March 2004





The Headless iMac Rides Again

After last month, February was a thoroughly refreshing stroll through an oasis, at least as far as your loyal blogosphere columnist is concerned. Since ATPM 10.02, quite a lot has happened, meaning that my continued tenure at About This Particular Macintosh seems secure for the moment.

You may remember that last month was fairly bereft of information, and that I even complained about it. I think the universe responded favorably to my kvetching. I stood up and told it that I wasn’t going to take it anymore, and “I fought the Law, and the Law won.” Err, well, no, but humor me.

Sometimes, as a journalist, bad news is good news; an excellent example of this is Palm dropping support for Macs, which became an instant hit on the frequencies I follow. (Keep reading if this is news to you.)

My job as Mac blogosphere columnist also brings me certain exciting perks. This column is increasingly recognized in its “native habitat,” which is a Good ThingTM. I received feedback from someone about whom I had written recently, and I discovered just the other day that my first column here at ATPM was the No. 4 referrer to one of John Gruber’s columns, with 49 click-throughs. Not bad. Keep a-clicking!

All right, so big news first this month, if only because I already teased you about it. In case you didn’t hear, Palm is dropping support for the Mac in the next version of the Palm OS, which is apparently called Cobalt. The Mac Observer suggests that Palm pick up support with iSync since it comes with all Macs, and Jon Rentzsch seconds that, saying that it doesn’t make any sense for Palm to insist on developing its own application anyway. Judi Sohn points out that Palm syncing on the Mac isn’t such a great experience anyway.

Among others, Dan Gillmor hits the nail right on the head when he says that, no matter what, it’s “[d]isappointing, to say the least.” That sound you hear is the sound of Mac users everywhere groaning.

What Else From the Mac Blogosphere in February?

  • Has the time come for the iMac to lose its head? Everyone and his brother has an opinion. It all started when Business Week and Alex Salkever insisted that “the product that Time dubbed Apple’s “new core” has gone rotten,” and Salkever wants Apple to “cut off [its] head.” Sandy McMurray takes the bait and reminds us that Apple isn’t marketing toward the same users as those sub-$1000 headless box Wintel manufacturers. Julio Ojeda-Zapata wonders what it is people have against Macs with built-in monitors anyway, saying that the loss in clutter from an integrated unit is well worth it. The Core Dump defends the iMac’s beauty and suggests that the last “headless iMac” was the Cube. We all know what happened with that. Also, somewhere I got linked to another reminder that a headless iMac is not coming anytime soon, Wired’s coverage of the IBox, which as we have seen is probably not hitting the market anytime soon.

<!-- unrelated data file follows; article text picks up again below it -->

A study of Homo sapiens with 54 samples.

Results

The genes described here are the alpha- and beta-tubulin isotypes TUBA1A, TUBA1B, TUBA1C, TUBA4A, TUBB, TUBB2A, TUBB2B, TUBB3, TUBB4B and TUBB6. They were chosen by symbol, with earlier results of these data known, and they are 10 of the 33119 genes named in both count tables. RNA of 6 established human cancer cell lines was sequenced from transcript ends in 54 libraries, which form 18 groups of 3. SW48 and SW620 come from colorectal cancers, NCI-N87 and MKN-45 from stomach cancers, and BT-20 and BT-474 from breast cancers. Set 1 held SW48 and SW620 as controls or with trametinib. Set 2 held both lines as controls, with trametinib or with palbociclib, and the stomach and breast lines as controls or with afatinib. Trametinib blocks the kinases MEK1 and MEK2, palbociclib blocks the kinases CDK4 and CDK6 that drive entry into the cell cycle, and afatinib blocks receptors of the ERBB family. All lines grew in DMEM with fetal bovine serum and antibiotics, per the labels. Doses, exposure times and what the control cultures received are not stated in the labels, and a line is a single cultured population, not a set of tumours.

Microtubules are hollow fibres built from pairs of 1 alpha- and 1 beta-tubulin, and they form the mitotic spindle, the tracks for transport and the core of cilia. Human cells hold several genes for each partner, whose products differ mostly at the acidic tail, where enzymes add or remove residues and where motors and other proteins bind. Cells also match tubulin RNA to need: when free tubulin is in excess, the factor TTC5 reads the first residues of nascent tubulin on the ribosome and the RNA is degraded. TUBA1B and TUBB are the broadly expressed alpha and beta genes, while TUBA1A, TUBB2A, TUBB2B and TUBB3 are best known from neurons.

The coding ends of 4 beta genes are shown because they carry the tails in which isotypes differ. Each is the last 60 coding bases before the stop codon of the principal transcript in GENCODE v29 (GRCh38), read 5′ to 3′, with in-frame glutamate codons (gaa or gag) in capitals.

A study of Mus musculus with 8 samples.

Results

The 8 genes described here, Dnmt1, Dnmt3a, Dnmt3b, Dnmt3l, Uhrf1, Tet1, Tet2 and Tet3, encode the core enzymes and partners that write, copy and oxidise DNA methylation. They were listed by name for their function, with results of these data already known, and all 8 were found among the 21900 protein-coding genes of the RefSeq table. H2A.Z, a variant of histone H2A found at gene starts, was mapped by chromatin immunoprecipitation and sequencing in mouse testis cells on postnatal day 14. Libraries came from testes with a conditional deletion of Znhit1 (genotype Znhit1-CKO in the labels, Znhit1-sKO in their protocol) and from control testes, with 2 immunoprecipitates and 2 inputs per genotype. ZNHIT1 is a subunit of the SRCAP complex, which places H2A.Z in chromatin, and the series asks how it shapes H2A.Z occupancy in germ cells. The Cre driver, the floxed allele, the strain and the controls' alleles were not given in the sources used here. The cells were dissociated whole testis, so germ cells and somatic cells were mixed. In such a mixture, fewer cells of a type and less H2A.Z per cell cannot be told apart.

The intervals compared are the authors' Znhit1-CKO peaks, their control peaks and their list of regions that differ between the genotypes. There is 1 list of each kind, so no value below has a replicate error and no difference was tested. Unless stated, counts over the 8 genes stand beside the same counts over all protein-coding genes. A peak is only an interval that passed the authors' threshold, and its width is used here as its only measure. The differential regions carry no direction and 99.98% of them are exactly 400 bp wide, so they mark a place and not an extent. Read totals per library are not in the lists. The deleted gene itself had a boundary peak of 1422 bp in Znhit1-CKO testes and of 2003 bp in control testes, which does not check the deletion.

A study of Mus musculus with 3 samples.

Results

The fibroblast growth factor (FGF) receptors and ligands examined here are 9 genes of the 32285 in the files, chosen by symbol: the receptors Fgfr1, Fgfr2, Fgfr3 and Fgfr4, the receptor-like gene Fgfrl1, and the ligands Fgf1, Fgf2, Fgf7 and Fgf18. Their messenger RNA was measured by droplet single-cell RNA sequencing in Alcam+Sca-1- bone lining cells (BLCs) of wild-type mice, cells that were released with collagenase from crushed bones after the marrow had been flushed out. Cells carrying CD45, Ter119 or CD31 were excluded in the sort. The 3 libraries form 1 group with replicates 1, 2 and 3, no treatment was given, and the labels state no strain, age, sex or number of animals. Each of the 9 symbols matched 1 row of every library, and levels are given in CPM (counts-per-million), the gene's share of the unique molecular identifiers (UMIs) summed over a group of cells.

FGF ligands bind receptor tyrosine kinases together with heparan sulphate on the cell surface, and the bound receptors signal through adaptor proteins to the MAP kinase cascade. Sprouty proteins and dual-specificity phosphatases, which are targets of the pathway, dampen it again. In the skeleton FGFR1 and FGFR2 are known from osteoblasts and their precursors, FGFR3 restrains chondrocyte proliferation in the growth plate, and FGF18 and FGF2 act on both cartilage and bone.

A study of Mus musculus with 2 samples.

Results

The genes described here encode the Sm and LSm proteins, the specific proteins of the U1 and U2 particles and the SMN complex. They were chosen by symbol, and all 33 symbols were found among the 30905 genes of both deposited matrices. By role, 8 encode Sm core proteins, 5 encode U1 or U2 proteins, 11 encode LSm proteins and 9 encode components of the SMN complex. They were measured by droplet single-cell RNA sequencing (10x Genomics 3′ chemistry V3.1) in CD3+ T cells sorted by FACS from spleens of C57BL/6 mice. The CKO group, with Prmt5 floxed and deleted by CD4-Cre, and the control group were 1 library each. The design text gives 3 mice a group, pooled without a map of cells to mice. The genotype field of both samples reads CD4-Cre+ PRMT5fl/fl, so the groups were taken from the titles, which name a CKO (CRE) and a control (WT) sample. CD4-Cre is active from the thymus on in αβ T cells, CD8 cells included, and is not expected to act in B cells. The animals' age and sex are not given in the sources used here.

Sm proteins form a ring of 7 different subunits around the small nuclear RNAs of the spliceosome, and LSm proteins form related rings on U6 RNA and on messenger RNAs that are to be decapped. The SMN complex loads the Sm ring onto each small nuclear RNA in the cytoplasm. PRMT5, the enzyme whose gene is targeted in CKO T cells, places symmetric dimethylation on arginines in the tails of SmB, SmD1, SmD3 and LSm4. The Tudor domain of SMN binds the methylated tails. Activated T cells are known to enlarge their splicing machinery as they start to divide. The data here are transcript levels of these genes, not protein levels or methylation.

• Matthew Thomas describes in extensive detail (one critique for each of the first 48 hours of use) what it is he doesn’t like about OS X, having only recently moved to it. I can’t say that I agree, but I know that John Gruber did, overwhelmingly, and Michael Tsai (yes, my boss, full disclosure) almost as much so so I will take their word for it.
  • For those of you who are interested in such things, The Omni Group released a beta version of OmniWeb 5. It’s been getting rave reviews since then: from John Siracusa at Ars Technica, from Kirk McPike at Mind The Gap, from John Gruber at Daring Fireball, and from Matthew Hanlon at _m. At least in February I did not see anything bad about it. It looks great. I have to admit, the drawer with graphical thumbnails is pretty slick. If only I had enough RAM…
  • Since that’s why he writes a humor series, Jack from As the Apple Turns has proposed to take Steve Jobs’ place giving the keynote address at Macworld Boston; he calls it the “AtATNote,” but I like “Jacknote” better. And hey, he lives in Boston, so even better, no expenses for Apple! If you, too, think this is a fantastic idea, you can sign a petition encouraging Apple to let Jack address the crowd in July.
  • In honor of the 20th anniversary of the Macintosh (happy 20th birthday!) some people who were involved with the creation of the original Mac have begun collecting their anecdotes about it. They call it Folklore. The writing is great, and it will make you smile about our Glorious Revolution. It’s even set up like a weblog!

To close the day out on a random note, one of the guys I regularly read, Alex Soojung-Kim Pang, wrote, tongue only partly in cheek, about the deeper meaning of the iPod’s shuffle feature: “For a second, I felt that I was at some madly fashionable party at Carl Van Vechten’s.”

Also, I’m considering starting a companion weblog to this column—this is in the mode of Julio Ojeda-Zapata, who is also a columnist for the St. Paul Pioneer Press—so I can give you fun links to things that really aren’t column-worthy but are certainly interesting in their own right. Keep tuned for next month to see if it materializes. Or leave feedback about it…or e-mail me about it. Stay tuned for next month’s Bloggable.